The Reformers are often charged with diminishing the potency of baptism. The opposite is the case.
George Huntston Williams (article in Church History, 1957) notes the gradual “depression and routinization of baptism” in the early medieval period, a process that he says was nearly complete by the 11th century. Baptism diminished as and because penance rose to become “a second plank of rescue after baptism” and “a rite of public humiliation in the presence of the more steadfast believers.”
In rejecting penance, the Reformers put all the weight back on baptism. According to Luther’s Larger Catechism, “Baptism, both in its power and signification, comprehends also the third Sacrament, which has been called repentance, as it is really nothing else than Baptism. For what else is repentance but an earnest attack upon the old man [that his lusts be restrained] and entering upon a new life? Therefore, if you live in repentance, you walk in Baptism, which not only signifies such a new life, but also produces, begins, and exercises it. For therein are given grace, the Spirit, and power to suppress the old man, so that the new man may come forth and become strong. Therefore our Baptism abides forever.”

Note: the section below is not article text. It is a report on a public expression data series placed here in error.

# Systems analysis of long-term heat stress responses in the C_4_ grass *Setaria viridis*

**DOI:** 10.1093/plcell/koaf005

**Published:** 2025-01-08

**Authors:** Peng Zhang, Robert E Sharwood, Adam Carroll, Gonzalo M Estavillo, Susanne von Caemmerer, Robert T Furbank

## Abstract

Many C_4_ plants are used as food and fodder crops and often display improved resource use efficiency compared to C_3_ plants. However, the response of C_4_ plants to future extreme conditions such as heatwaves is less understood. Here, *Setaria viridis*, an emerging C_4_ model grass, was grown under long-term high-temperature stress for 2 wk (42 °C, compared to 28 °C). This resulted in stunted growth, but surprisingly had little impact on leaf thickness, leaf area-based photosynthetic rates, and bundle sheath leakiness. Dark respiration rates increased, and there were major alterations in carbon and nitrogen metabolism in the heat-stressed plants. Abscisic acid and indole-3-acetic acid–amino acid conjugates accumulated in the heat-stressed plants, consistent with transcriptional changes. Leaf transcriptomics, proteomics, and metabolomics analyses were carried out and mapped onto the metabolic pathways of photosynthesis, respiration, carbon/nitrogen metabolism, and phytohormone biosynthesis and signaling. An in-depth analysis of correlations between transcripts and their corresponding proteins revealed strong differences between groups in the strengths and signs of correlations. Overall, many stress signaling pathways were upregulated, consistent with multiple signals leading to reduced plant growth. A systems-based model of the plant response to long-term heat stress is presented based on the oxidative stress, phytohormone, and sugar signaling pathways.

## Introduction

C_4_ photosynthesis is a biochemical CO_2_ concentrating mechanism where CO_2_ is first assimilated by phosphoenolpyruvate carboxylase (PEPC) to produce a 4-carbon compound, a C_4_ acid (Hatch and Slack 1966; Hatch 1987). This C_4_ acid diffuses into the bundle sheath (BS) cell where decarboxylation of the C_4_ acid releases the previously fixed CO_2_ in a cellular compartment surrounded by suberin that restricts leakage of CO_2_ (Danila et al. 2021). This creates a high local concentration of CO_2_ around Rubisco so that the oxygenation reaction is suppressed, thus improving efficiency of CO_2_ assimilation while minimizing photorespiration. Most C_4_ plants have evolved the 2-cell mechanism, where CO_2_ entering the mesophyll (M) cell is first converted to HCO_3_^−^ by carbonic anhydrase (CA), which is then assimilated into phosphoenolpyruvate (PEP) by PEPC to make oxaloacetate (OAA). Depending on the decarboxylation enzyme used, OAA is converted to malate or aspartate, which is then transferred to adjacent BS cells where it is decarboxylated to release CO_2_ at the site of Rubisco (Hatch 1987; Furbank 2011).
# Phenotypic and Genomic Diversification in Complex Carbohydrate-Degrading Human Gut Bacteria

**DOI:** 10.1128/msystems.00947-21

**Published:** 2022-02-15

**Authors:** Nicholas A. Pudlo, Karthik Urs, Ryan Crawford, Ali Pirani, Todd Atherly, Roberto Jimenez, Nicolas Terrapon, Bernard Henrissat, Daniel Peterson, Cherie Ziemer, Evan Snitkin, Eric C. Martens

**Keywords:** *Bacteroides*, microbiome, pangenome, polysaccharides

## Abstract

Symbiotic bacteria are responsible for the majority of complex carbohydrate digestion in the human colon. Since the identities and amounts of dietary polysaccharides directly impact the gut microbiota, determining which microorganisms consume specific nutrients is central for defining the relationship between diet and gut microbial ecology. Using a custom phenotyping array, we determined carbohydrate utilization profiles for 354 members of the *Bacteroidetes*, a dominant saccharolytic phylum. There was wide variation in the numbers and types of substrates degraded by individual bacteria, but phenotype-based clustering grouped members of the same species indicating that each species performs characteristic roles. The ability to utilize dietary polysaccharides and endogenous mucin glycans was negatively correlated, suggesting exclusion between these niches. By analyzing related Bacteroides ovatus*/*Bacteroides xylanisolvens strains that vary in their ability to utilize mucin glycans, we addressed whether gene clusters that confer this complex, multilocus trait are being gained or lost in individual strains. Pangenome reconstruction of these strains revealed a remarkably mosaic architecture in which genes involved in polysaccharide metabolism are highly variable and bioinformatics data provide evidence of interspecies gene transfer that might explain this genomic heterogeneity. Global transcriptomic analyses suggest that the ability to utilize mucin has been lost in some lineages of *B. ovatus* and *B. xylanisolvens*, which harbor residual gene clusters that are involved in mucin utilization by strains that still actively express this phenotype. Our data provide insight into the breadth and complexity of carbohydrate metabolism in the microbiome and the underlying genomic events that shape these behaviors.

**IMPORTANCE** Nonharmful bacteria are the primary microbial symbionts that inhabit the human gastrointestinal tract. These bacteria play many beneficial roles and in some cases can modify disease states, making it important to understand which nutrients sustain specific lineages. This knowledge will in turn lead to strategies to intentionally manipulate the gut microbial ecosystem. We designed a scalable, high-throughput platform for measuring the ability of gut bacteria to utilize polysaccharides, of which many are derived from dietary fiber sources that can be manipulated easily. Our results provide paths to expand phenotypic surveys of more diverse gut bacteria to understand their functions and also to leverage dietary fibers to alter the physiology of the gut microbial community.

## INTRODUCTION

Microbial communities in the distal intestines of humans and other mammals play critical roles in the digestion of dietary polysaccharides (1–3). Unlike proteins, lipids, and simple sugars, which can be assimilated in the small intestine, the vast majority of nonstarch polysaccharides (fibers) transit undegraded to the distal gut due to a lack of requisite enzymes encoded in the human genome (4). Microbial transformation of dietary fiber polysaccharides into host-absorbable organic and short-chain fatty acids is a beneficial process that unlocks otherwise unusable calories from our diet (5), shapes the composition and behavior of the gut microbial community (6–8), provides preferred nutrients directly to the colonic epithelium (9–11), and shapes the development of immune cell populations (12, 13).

Of Anselm, Williams writes, “Baptism, from having been the unique sacrament of incorporation in the body of Christ in the ancient Church, was in Anselm demoted to serving as the ablutionary preparation therefor, or at best was regarded as a contingent incorporatio imperfecta to be followed by eucharistic incorporatio perfecta.”
Protestants made baptism more, not less effective than Catholics.